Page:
Earlier this month, the City of Austin announced it would release $1.2 million to help those impacted by COVID-19. With Austin often considered to be the most expensive city in Texas to live in, CTI doesn’t believe the City is doing enough to keep people off the streets.
“Super thankful that [The City of Austin] created the RISE Fund that has been [a] huge help to our Austin community, but there’s just more work to be done because there’s more need,” said Adell Arce with Central Texas Interfaith. “In order to help those working-class members of our society, those that work at restaurants, salons, retail, they need help and they, in essence, have been shut down. And it’s our job to help our fellow human beings and offer them relief.”
The $1.2 million from the City of Austin pales in comparison to what other cities such as Dallas, Houston and San Antonio are giving. During this crisis, San Antonio has allocated $25 million, the City of Dallas gave $13.7 million and Houston gave $15 million to help renters.
CTI believes $40 million from the City of Austin would not only help renters but landlords too.
"The City can and must do more. In addition to providing housing security for families, this will allow dollars to flow to property owners, who themselves have mortgages and employees depending on them," said Miles Brandon with the Central Texas Interfaith. "The time to act bold is now."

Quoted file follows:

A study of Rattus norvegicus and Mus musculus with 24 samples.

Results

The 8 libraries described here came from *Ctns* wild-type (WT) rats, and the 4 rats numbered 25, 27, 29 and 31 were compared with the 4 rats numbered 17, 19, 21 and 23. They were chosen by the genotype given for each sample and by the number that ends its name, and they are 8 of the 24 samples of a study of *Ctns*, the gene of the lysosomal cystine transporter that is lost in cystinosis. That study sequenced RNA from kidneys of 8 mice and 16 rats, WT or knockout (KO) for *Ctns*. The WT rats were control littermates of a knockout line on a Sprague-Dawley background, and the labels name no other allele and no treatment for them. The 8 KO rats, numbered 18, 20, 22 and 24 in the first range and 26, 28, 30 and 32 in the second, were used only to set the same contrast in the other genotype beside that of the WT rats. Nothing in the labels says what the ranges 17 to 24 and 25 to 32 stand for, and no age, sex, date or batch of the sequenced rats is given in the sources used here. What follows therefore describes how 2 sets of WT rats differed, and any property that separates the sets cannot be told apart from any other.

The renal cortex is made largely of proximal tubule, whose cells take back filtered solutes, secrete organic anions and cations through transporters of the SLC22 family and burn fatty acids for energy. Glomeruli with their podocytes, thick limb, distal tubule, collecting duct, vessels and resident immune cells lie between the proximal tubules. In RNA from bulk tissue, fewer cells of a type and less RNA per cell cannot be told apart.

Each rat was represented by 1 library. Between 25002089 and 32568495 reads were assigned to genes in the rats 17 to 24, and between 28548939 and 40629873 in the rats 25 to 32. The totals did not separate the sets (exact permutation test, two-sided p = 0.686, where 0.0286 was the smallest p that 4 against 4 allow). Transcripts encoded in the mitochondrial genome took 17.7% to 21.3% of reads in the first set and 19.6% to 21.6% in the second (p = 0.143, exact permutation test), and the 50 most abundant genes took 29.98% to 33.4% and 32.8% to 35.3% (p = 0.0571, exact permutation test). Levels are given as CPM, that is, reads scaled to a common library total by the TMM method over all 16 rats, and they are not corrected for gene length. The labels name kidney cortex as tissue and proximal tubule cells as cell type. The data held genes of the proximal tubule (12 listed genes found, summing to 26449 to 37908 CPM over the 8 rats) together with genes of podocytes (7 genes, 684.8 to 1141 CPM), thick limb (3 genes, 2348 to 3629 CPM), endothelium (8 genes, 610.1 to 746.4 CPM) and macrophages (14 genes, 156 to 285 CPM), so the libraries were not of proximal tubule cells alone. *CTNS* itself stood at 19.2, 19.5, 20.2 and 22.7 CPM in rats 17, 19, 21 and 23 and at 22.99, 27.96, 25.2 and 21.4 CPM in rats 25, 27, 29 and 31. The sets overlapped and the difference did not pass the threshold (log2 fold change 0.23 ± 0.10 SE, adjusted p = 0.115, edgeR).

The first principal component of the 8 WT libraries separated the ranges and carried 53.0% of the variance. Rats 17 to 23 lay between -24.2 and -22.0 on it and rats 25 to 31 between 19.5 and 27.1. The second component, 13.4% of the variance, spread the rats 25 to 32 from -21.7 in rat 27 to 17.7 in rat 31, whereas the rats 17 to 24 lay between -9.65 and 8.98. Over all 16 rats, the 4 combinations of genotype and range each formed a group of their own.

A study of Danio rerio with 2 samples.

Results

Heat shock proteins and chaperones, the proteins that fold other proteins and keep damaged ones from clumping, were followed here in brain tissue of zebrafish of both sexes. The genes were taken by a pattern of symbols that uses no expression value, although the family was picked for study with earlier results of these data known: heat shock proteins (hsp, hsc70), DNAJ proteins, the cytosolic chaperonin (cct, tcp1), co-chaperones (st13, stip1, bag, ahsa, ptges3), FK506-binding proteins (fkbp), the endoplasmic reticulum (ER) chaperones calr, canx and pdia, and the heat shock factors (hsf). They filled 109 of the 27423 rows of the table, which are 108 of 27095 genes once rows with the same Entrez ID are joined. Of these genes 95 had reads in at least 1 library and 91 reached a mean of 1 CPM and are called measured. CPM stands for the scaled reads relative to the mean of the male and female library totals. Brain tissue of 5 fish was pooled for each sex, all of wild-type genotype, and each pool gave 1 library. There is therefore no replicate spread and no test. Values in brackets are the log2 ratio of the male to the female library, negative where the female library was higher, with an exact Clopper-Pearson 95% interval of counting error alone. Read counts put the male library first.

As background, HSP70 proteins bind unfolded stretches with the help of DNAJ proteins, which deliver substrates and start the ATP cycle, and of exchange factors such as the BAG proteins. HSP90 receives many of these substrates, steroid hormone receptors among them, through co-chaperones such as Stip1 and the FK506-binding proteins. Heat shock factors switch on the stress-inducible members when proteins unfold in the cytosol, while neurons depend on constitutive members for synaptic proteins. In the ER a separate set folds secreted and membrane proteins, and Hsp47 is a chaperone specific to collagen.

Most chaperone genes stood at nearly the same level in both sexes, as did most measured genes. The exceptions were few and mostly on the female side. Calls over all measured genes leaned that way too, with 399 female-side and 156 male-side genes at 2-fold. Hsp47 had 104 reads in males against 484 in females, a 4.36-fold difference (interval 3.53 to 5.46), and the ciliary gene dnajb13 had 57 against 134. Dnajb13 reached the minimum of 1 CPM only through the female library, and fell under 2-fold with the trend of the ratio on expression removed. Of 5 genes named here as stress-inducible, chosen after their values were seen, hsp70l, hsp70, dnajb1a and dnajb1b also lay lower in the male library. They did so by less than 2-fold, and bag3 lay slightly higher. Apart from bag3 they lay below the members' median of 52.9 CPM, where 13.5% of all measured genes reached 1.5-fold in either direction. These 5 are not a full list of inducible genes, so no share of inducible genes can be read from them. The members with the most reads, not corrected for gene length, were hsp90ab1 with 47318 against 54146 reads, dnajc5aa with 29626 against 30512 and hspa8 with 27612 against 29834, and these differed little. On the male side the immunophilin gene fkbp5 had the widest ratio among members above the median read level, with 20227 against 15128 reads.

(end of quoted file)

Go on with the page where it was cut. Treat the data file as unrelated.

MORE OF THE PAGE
“We realize what we’re asking for is short-term economic relief for the landlords because the tenants can’t pay and the landlords aren’t receiving the money, and we understand that and that’s why we’re asking for the money," Arce said. "It’s going to help everyone."
According to CTI, the $1.2 million the City gave only helped about 1,000 families when around 70,000 needed it. The group is hoping the City can use the money it received through the CARES Act to fill the gap.
The City told KVUE it is working to find additional help for families in need.
“While we recognize that $1.2 million can only go so far, we are committed to our ongoing efforts to identify and access additional help for these families as soon as we possibly can," said Rosie Truelove, director of Neighborhood Housing and Community Development (NHCD). "Providing this rental assistance is something we can do right now.”
CTI will hold a press conference on this topic on Wednesday, May 13, at 11 a.m. The group hopes to talk to city leaders within the week.